The Theatreguide.London Review
In March 2020 the covid-19 epidemic
forced the closure of all British theatres. Some companies adapted
by putting archive recordings of past productions online, others
by streaming new shows. Until things return to normal we review
the experience of watching live theatre onscreen.
Death Of A Hunter
Finborough Theatre Autumn 2020
Rolf Hochhuth's dramatic imagining of the last hour in the life of American writer Earnest Hemingway played one weekend at the Finborough Theatre in April 2018. It is thin and not particularly insightful or imaginative, and hard-working actor Edmund Dehn and director Anthony Shrubsall are unable to do very much with the little they are given.
The author of A Farewell To
Arms and For Whom The Bell Tolls killed himself in 1961, and Hochhuth's
unoriginal theory is that the hard-living man's-man novelist had written
himself out and saw no reason to live if he couldn't write. He has his
Hemingway say as much – in one of the few resonant moments in the
monologue Hemingway says a writer who can't write feels Death at his elbow
the same way a terminally ill man does.
But that is just about the
limit of Hochhuth's insights. He doesn't give us any real sense of what it
feels like to lose the thing that defined you, or even convince us that
the man before us actually was a writer. A passing reference to
Hemingway's book The Old Man And The Sea goes by too quickly for us to
register that it was about a man achieving his life's ambition only to sit
helplessly and see it lost.
Hochhuth is a little more
successful in suggesting a man's man beginning to realise that his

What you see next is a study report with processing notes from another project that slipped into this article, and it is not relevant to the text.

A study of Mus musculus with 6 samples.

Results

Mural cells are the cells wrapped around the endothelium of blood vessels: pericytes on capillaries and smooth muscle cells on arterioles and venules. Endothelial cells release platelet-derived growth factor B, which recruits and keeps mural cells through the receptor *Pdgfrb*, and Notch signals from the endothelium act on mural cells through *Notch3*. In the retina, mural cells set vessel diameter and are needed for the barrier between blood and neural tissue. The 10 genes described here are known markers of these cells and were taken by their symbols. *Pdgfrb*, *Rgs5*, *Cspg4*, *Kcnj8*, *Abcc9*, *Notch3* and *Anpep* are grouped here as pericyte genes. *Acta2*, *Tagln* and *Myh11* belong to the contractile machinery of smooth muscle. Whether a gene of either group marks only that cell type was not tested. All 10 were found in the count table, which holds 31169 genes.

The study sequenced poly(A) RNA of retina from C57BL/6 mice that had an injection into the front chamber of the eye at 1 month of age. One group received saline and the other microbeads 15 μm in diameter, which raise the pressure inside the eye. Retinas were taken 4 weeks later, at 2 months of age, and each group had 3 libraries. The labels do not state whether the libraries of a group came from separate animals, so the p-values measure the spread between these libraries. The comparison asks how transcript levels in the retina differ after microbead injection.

romanticising of war and big game hunting was as much a matter of trying
to convince himself as his readers.
But even that is more generic
than individualised and, despite sprinkling the text with occasional
details – the names of Hemingway's wives, his love of Cuba – the man never
comes alive as Earnest Hemingway.
With such thin material to
work with, it may be an accomplishment for director Shrubsall and actor
Dehn to achieve what they do, even if that is no more than generic Bitter
There are some missed
opportunities along the way. Hochhuth attempts, a bit clumsily, to
demonstrate Hemingway's writer's block by having him unable to write a
cheque for the cleaning lady or type a letter to his sons.
But at those moments, with
pen in hand or fingers poised over the keyboard, Edmund Dehn shows no
physical or nervous strain. We don't see paralysis, but what could be
nothing more than a whimsical decision to put it off for later.
The actor's movements around
the stage, occasionally sitting at his desk or perching on a bar stool,
seem arbitrary and unmotivated, as does his occasional listening, like
Beckett's Krapp, to old audio tapes.
(Those tapes pose another
problem the director doesn't solve. The character also occasionally hears
the voice of his own thoughts and also the imagined voice of his father,
and the production does not distinguish clearly among them.)
This recording was made in an empty Finborough, and one senses the actor missing the support and feedback an audience could have given him. The multi-camera multi-microphone video is marred only by frequent shifts in light and sound levels.